In a classic The Flash filler episode, Iris learned that she shouldn't hide things from her father (again), Julian worked on his people skills, and Kid Flash — whose headstrong eagerness has become one of the best parts of Season 3 — leveled up in his speedster training. And then there was the now traditional resurgence of Caitlin's inexplicable Killer Frost persona, teasing that the humble doctor is soon to transform into a terrifying villain... until Julian managed to talk her down.
Until Season 3, Caitlin has been one of the most underused characters on The Flash — her role on the team seems to mostly consist of dispensing pseudo-medical advice and giving moral support pep talks. This is rather aggravating, and considering what Caitlin's been through it makes total sense that she would snap and become a villain — but not in the way that #TheFlash is handling her story.
In "Untouchable", Caitlin almost "lost control" when she was using her powers to save Iris' life. But why does using her powers turn her evil, and is it a dead cert that she'll eventually turn into Killer Frost?
A Self Fulfilling Prophecy
At this point, I've pretty much lost all hope that how and why Caitlin using her powers makes her shift into the Killer Frost persona will ever be explained or properly explored. There's no real reason why having meta powers would make Caitlin go evil — unless the show properly explored her character. We've had several allusions to Caitlin's difficult childhood, and it's clear that she's been fiercely repressing her anger for years. She's also lost her husband, and her kidnapping at the hands of Zoom must have been a very traumatic experience.
But instead of these aspects of Caitlin's character being used to explain why having powers makes her want to cut loose and kill things, everything's glossed over in favor of showing us the same scenes over and over again: Caitlin uses her powers, goes a little crazy, gets talked down, represses some more. Rinse and repeat ad infinitum.
There are lots of ways that The Flash Season 3 has been disappointing. The use of Flashpoint was lackluster and rushed, Savitar seems like a weak reboot of Zoom, and the filler episodes feel like reruns from previous seasons. But Killer Frost is a huge plot point, one the show has been teasing from the get-go, and so far Caitlin's villainous transformation feels both over and underwritten.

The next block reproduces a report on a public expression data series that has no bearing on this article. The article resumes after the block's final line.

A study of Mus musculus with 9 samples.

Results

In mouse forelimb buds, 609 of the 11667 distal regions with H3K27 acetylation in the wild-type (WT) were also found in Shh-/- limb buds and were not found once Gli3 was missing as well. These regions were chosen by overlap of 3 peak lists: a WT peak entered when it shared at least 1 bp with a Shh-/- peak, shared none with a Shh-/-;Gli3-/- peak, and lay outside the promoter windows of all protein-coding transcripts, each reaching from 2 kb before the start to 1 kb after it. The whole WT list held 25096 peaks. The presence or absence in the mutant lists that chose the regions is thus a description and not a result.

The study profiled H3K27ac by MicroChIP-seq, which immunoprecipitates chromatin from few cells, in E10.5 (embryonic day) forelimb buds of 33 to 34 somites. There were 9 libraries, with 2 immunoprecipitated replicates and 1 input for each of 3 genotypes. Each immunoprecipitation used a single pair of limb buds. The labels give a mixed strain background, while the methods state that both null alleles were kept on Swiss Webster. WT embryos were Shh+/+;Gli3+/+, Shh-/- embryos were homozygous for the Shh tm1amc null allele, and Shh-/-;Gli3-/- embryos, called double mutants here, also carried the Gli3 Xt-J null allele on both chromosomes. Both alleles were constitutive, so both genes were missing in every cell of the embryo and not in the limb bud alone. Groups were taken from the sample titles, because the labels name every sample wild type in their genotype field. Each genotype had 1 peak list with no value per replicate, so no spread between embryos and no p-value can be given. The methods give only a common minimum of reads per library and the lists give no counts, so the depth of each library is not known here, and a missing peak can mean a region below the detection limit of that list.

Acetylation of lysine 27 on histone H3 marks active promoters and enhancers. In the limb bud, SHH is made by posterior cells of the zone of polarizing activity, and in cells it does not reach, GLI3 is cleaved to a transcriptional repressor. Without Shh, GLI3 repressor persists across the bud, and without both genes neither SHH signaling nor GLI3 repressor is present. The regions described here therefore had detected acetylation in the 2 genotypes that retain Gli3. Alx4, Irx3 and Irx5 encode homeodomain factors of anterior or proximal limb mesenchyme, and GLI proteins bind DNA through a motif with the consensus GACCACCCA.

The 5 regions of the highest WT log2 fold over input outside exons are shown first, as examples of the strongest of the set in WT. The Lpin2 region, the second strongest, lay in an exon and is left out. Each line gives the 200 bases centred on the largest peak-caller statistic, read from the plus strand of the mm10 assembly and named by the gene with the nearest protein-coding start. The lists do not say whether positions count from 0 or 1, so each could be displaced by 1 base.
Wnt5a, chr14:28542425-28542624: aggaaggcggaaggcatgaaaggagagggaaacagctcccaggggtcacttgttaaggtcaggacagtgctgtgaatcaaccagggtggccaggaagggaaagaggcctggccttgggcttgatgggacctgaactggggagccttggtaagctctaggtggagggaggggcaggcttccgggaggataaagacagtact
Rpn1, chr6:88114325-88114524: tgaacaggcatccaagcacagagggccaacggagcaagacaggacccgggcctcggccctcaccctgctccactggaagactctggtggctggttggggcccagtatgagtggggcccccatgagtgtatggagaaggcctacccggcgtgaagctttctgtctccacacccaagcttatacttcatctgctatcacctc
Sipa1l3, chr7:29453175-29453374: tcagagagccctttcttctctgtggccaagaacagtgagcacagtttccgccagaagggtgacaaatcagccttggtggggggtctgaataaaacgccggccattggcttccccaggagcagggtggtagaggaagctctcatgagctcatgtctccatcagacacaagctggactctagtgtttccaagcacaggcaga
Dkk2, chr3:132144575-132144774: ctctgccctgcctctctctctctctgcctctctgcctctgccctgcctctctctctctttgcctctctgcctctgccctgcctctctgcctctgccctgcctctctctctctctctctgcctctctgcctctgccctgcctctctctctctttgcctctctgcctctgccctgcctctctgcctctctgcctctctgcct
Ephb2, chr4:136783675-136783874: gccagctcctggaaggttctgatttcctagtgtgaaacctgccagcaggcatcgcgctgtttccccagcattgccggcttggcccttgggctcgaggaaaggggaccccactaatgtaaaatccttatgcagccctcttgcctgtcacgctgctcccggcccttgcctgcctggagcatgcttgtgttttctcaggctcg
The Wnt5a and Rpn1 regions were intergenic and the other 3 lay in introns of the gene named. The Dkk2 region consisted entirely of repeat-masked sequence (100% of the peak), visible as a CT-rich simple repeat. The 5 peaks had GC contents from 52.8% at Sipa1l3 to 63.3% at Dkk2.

Hero or Villain?
Just giving us periodic reminders that Caitlin could go bad isn't really enough. We need to know why she wants to lose control as much as why she wants to control herself, we need to understand the root of the conflict within her. We need to care. But just waving the plot point in front of us every so often isn't enough.
I don't know, maybe at this point it's all a self-fulfilling prophecy — the only reason Caitlin's powers are inherently linked to her going bad is because she knows this could happen. To me, that seems like weak storytelling, but with the way Season 3b is playing with ideas of fate and determinism, this could be developed nicely.
I'm not holding out much hope though. But there's no reason why villainy is the only path for Caitlin. As she's proved on several occasions now, her frost powers are a real boon for Team Flash. It would be an interesting twist to see Caitlin overcome whatever mental and emotional problems she's struggling with, to become a superhero instead of a supervillain.
However, what with most of the plot points Barry saw in the future coming true, it looks like Caitlin's transformation into Killer Frost might be a fixed point in time. Personally, I'm okay with Caitlin going full-blown villain, as long as we understand exactly why she snaps. Her development into a superhero would also be interesting.
The worst thing to do with her character would be to just hand-wave the explanations away, have her go nuts and turn into Killer Frost, and then keep her shackled with meta-blockers for the rest of the season, or cure her powers completely. But unfortunately, it looks like this might be exactly what the writers are planning. Here's hoping I'm wrong about that.